In conjunction with our national federation, we helped convince the Environmental Protection Agency to set smart new limits on the amount of smog-forming carbon pollution that new coal-fired power plants can emit – an important victory for the 300,000 adults and 98,000 children in Colorado who suffer from asthma, which is exacerbated by smog.
Keeping toxic mines away from the Grand Canyon
As the Department of the Interior debated whether to allow uranium mining on the borders of Grand Canyon National Park, we released research showing that every uranium mining site in the West has required some degree of toxic cleanup. Interior Secretary Salazar decided to ban new mining claims for 20 years – the maximum allowed by law.
New report ranks Denver #10 in nation for solar power as state regulators examine how to value distributed solar
Today, Environment Colorado released a new report: “Shining Cities: At the Forefront of America’s Solar Energy Revolution”, a first-of-its kind comparison of the growth of solar in major American cities. The report ranks Denver 10th in the nation for installed solar as well as in solar capacity per capita.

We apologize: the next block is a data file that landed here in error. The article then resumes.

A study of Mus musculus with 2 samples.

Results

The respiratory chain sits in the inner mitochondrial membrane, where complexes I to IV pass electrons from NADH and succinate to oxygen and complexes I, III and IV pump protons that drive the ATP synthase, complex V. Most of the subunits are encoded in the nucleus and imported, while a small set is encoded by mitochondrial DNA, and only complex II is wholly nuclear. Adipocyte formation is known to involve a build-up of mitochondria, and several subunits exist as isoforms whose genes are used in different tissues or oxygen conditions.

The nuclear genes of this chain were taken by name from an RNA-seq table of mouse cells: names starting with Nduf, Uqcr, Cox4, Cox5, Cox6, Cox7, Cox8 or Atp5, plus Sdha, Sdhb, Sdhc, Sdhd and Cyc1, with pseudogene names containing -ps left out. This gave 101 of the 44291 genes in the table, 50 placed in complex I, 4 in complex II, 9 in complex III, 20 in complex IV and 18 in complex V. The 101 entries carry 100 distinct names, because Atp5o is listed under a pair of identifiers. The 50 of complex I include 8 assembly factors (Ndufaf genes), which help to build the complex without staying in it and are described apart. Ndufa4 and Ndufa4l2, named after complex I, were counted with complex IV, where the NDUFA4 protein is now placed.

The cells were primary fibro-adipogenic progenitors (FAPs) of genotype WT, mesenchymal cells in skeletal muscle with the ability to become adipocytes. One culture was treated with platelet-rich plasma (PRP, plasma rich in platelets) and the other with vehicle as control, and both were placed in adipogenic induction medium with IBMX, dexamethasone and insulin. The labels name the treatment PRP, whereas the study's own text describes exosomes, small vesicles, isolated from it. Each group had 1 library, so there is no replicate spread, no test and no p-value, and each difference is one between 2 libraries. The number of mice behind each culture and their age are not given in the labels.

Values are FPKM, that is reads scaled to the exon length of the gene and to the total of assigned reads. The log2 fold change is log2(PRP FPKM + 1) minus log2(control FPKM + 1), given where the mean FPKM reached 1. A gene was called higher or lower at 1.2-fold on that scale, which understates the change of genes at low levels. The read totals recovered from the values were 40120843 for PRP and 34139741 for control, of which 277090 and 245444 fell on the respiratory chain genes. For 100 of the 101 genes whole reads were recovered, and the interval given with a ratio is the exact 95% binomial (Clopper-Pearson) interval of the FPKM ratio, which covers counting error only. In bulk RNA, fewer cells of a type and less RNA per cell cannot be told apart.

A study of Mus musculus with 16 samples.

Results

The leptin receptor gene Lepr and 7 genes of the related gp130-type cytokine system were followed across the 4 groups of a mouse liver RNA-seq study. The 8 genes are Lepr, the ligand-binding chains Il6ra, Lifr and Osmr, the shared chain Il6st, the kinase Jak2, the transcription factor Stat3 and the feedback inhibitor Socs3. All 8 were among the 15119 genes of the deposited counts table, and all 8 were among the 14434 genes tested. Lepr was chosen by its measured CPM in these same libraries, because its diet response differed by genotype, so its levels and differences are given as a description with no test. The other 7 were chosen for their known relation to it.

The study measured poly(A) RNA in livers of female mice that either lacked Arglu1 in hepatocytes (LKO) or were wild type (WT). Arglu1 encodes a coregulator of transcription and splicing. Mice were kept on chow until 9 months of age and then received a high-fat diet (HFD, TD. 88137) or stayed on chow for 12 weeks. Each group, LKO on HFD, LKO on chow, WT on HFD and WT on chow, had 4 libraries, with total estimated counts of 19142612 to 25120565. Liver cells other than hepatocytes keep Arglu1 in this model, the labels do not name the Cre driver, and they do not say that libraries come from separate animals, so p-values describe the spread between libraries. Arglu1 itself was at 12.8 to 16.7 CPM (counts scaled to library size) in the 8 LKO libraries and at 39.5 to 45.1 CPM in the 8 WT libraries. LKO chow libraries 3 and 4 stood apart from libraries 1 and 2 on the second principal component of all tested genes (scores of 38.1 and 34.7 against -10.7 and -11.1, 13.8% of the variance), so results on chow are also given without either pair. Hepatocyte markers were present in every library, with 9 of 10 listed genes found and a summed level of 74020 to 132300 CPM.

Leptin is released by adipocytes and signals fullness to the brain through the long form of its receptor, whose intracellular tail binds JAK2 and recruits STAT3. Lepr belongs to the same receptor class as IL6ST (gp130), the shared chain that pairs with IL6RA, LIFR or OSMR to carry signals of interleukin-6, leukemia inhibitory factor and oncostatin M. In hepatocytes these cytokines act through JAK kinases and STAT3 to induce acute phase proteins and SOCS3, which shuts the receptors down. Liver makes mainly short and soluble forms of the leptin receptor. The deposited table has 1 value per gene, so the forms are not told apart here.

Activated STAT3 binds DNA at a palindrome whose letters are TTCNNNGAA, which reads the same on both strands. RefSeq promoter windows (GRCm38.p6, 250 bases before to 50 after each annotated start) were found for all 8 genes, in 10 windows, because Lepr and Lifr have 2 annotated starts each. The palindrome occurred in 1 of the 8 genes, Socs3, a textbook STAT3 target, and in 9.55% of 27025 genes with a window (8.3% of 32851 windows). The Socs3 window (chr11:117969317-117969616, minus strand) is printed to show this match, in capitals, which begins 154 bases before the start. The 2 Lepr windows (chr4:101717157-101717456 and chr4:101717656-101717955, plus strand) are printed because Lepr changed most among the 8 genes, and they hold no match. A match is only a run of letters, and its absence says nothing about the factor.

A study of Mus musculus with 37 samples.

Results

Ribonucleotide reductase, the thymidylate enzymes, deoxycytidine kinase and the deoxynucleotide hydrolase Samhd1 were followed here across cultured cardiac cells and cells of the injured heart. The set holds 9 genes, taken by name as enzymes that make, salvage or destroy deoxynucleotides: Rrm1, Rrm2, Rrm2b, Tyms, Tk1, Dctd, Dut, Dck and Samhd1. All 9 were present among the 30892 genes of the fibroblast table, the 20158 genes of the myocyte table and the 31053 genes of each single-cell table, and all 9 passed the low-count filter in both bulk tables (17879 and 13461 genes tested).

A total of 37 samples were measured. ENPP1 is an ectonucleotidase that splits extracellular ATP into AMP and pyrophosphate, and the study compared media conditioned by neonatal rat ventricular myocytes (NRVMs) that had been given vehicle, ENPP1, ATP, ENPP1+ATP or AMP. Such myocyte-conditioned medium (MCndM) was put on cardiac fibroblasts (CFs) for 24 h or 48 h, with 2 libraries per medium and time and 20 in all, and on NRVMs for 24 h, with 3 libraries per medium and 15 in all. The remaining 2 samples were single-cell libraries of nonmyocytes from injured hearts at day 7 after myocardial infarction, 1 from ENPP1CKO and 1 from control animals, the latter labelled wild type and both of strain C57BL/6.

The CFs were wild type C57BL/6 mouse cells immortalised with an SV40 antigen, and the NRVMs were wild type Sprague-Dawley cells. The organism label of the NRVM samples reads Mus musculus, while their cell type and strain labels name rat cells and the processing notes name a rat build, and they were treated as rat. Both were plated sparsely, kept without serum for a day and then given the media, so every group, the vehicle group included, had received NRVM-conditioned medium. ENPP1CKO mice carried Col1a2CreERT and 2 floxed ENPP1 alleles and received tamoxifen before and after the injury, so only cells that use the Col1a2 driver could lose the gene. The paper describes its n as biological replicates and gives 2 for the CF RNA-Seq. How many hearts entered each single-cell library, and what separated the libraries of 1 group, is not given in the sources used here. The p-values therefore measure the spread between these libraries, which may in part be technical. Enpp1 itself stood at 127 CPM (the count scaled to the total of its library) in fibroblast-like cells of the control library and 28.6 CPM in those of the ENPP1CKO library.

Environment Colorado Research and Policy Center has found that the next major step we can take to significantly curb the amount of energy we use is right at our doorstep. Over 40 percent of our energy goes toward powering America’s buildings. According to our report, “Building Better,” we can cut that in half by 2050 if we take steps to require higher levels of energy efficiency from new buildings and ensure we are doing all we can to encourage retrofitting and weatherizing our existing ones.
We’re restoring Clean Water Act protections.
More than 800,000 of us called on the Environmental Protection Agency to close loopholes in the Clean Water Act. And in May, they answered by finalizing a rule to restore protections to the more than 20 million acres of wetlands, 60% of streams, and drinking water for 117 million Americans.